Based on the long-running “Coin Finds” column in Coins Magazine, which will continue to appear in print, this online version will give additional exposure to the thrill of the hunt.

Submit your own discoveries via email to Coins Magazine editor Antoinette (Toni) Rahn at toni.rahn@fwmedia.com.

 

I’ve been going through my collection sorting things out. In the process, I came across a small metal tin that was originally used to store tea leaves. Mom had left it to me when she passed away 30-plus years ago.

In the small tin, I found a few coins, as follows:

1-1921 Morgan dollar in about AU-50

1-1944-P nickel in about VG

1-1883 Liberty nickel in about VG-8

1-1910 Liberty nickel in about G-4

3-1903 Indian head pennies ranging from G-4 to F-12

1-1909 Barber quarter in about G-4

1-1916 Barber dime in about VF-20

5-Mercury head dimes from 1920, 1937, two dated 1944, and one from 1945, all ranging from AG-4 to a beautiful MS-60!

5-Lincoln pennies from 1918-S, 1919-D, 1935, 1941, 1953-D, all ranging from G-4 to VF-20

1-Very unusual 1950-D with the head and a short piece of copper tack driven through the bottom of the coin

1-1962 nickel that had been shot with a 22-caliber rifle — the bullet had not quite penetrated the coin and left a big bulge in back, barely attached by a small sliver of the nickel.

I guess I should say “thanks for that little old tea tin, mom,” what a great gift after all this time.

Jack
Southern Florida

 

I, too, enjoy reading the “Coin Finds” column every month, so here is my contribution.

So much for finding rare exotic coins, and even U.S. silver ones…it just does not happen very much. What IS fun is looking at every single coin you get in change and pulling out the following:

• All wheat pennies — happens three to four times a month. I found a 1945 at McDonald’s recently. I also look for 2009 pennies.

• Pulling out all “old” nickels, pre-1965 is my dividing line, and I find oodles of them.

• Always looking/hoping for pre-1965 dimes and quarters, but it has been five years since I found one.

• Occasional foreign and Canadians happen my way every now and then.

The most fun I have had during the last nine years is initially finding each and every State/Territory/National Parks quarter, P and D, and then putting it in an envelope, recording the date and location of procurement. I am missing only one. El Yunque P. I’ll keep looking.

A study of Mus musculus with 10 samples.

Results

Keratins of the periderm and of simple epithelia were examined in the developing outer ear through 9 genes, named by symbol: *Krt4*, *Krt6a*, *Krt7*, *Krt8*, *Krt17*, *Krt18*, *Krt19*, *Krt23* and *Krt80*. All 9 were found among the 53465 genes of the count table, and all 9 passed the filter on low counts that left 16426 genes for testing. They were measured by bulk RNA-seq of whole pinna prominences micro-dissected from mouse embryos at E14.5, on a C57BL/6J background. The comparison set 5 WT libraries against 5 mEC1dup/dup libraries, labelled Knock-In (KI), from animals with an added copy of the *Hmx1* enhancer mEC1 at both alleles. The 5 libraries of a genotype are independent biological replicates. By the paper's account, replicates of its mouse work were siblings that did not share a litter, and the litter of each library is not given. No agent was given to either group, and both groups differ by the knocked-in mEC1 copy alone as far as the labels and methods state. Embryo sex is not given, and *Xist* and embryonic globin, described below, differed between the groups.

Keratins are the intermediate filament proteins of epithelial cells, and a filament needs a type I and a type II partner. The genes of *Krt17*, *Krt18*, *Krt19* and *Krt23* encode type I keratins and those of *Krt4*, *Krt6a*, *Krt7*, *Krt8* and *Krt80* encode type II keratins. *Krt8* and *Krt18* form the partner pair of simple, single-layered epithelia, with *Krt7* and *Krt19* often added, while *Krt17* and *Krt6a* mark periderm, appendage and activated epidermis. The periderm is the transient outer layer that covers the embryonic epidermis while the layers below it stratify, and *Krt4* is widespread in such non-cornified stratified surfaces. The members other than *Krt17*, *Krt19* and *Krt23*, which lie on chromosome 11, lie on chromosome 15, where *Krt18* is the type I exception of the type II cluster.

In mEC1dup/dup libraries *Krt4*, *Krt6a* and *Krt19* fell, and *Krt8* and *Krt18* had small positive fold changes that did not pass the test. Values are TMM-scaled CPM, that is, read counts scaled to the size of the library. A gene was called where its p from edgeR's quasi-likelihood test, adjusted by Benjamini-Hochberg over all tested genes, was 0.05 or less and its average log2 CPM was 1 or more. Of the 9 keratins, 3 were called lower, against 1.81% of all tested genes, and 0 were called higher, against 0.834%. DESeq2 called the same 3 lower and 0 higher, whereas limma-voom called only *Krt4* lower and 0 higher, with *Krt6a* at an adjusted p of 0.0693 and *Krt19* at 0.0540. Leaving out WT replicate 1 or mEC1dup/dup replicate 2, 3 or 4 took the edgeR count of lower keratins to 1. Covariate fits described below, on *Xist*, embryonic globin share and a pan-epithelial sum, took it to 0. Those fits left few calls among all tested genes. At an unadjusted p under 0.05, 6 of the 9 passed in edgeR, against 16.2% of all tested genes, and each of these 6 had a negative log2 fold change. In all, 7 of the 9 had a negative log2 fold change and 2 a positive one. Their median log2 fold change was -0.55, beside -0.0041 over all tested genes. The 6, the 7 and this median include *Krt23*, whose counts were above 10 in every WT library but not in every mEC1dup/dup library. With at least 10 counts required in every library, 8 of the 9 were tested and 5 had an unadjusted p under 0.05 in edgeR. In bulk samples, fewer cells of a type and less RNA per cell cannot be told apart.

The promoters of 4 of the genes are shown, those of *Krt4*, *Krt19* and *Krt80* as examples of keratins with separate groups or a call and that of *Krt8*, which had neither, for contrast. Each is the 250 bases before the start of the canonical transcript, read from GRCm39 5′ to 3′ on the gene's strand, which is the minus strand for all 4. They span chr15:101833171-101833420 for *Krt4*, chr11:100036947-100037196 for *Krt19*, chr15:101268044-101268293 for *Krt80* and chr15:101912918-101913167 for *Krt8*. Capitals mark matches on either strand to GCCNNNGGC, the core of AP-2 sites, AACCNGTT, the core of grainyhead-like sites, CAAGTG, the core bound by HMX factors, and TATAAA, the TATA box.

Steve Barnes
Fishers, Ind.

 

In 1995, I helped a friend move. He had a lot of pennies in boxes, jars, etc. I asked him if I could look through them, and he said okay.

I have a list of the coins I found. I looked over 38,650 pennies. I found 48 rolls of Wheaties, 50 rolls of BAU, and two rolls of old Canadians.

I still have all of them after 22 years.

Bill
Boston, N.Y.

 

I read Coins magazine but never really noticed this “Coin Finds” section.

Recently, I was paying for groceries in a local ShopRite supermarket. The cashier was very young, possibly right out of high school. He passed me my change, which had a 1938 Mercury dime included with the other coins.

When he handed me the money, he gave it to me with a look that said “someone gave me this strange coin and now I’m going to stick you with it.” He simply had no idea what he had given me.

I took it and quickly stuck it in my pocket, never saying a word.

It is only in what I’d say is fair to good condition, but it is still a Mercury dime, and who knows who passed it to him.

Michael B.
Livingston, N.J.

 

Being a long-time collector, I always make it a habit of checking the change I receive at the local supermarket and other stores.

One day, at our local Safeway Deli, the clerk found an 1871 Shield nickel that I brought for five cents. It was well worth it, to say the least.

Through the years, many old coins have come my way, including hundreds of wheat cents. I have completed my second book collection of Lincoln cents 1941-1958, all from circulation. Even some early Lincoln should turned up, including 1945 key date.

Older Jefferson Nickels have also been abundant, with many five mints and better dates as well. The best for the last was a BU 1950 nickel from my local supermarket.

Who says old coins can no longer be found? Happy collecting.

Address withheld

 

This article was originally printed in Coins Magazine. >> Subscribe today.

 

More Collecting Resources

• Are you a U.S. coin collector? Check out the 2019 U.S. Coin Digest for the most recent coin prices.

• The Standard Catalog of World Coins, 1601-1700 is your guide to images, prices and information on coins from so long ago.